I have fallen in love… with a sport. It’s geocaching. Officially, I’ve been registered as a cacher since 2003, which is probably why I got the online name I did. Geocaching had only been around for a few years back then. But then again, it’s not really a new sport at all.
It seems that 100 years ago, a sport called letterboxing was all the rage in England. Letter boxing consisted of people placing a box somewhere that contained a logbook and custom designed rubber stamp. Clues would be posted at letterboxing clubs. The letterboxers would then head out with a logbook, a specially designed rubber stamp of their own, and an inkpad. When they found the letterbox, they would put their stamp in the boxes log, and then stamp their logbook with the boxes stamp. Sound familiar? The technology has changed, but the sport really hasn’t.
Like I said, I’ve been registered as a cacher for a few years now, but my find count is really low. The reason… No GPS receiver. I was trying to find the cache sites with map and compass only. And I found… one… that way. Ya, only one.
I have a GPS now, and my count has gone up 400% in the last couple of weeks.
So now you’re asking yourself… so what’s the big deal? You punch some coordinates into your GPS unit and follow the arrow to a box full of McToys? That doesn’t sound like much fun. Well… sometimes it is just a box full of McToys (you know… the junk you get in Happy Meals) and sometimes it’s just a logbook, and sometimes it’s a history lesson about what used to be there. And sometimes it’s a great view. Lately, my finds have been MicroCaches. These are tiny little caches, about the size of a button, usually magnetic, and stuck to light poles, or benches, or whatever in parks and parking lots and the like. I’ve found two MicroCaches, and could not find two others. How do you know when you’ve found one? Well, once you find it, you can unscrew the top and pull out a tiny scroll of paper (that’s the log book) and sign your name to it. I hate these things… but then, I love the search…so I guess it’s kind of a love/hate thing.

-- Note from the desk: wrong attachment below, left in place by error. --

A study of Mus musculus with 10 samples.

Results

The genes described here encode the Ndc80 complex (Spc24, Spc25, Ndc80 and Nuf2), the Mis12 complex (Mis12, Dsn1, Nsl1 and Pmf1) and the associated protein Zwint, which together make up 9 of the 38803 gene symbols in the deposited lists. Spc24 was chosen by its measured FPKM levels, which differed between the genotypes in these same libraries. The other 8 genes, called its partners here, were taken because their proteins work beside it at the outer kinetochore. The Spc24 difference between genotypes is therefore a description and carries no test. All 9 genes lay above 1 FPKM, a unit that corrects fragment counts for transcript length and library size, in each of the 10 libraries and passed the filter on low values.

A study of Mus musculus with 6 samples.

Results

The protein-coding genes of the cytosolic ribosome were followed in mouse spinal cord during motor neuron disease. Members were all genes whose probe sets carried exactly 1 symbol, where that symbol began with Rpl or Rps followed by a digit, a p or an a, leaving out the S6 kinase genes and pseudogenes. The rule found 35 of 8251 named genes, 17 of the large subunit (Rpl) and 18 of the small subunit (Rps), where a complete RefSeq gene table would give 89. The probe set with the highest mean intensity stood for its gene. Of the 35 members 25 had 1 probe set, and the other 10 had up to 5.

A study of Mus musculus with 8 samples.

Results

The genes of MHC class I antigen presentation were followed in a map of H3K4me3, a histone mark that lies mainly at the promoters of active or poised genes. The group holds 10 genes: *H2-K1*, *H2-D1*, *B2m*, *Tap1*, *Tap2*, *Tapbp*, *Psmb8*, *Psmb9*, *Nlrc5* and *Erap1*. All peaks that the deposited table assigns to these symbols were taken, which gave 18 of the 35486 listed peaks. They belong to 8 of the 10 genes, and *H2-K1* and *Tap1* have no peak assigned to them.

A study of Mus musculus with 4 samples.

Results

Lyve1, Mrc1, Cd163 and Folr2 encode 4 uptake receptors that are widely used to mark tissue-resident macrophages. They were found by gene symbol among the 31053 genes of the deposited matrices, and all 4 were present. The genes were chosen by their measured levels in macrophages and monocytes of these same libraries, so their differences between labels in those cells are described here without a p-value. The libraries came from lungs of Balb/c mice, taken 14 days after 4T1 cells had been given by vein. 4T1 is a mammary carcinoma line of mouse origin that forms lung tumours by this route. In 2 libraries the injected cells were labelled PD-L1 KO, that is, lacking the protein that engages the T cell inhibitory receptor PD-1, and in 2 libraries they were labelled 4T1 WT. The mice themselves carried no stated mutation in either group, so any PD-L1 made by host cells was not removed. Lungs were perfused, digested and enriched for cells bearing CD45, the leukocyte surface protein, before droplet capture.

I have a plan to place a geocache at Silver Moccasin this year up at Camp Travis. It’ll be the staff site. I’ll put one logbook in for SM staffs (past, present, and future) and then one logbook for everyday cachers. I’ll probably toss in some patches, pictures and totems as well. It’ll be a nice tribute to a program that has dominated my life for the past 4 years, and has such great potential for changing the lives of young men. To tell you true, it was Jared (our Senior Patrol Leader from last year) that gave me the idea. He’s moved on to bigger and better things, but I still think that it’s a good idea.
There is one thing that bothers me. I teach orienteering to youth groups on occasion. One time I taught a mountaineering club. That was scary, because, all I know about the subject, is what I learned when I was a scout, oh so long ago. I know how to orient a map, triangulate a position, hold a bearing, and read the contours on a topo. I’ve never taken a class, or anything. It’s a subject I like, so I’ve taught myself. So I figured that they (the mountaineers) would see through my lack of technical knowledge and kick me out. But there I was in front of a group of mountaineers, teaching away, and slowly realizing that these guys had no idea how to use a compass, and many of them could not read a map, since they all had very expensive GPS units. Is map reading going the way of the dinosaur? What do these guys do if their batteries run out, while they’re off trail? I’ll tell you what… they wait for some map reading freak like me to come and rescue their butts… that’s what.
So, as much as I love Geocaching with a GPS unit and love the technology, I think that way to many people have no idea what they’re really doing or where they are in the great outdoors.
But really, don’t be a muggle, try out Geocaching… it’s fun.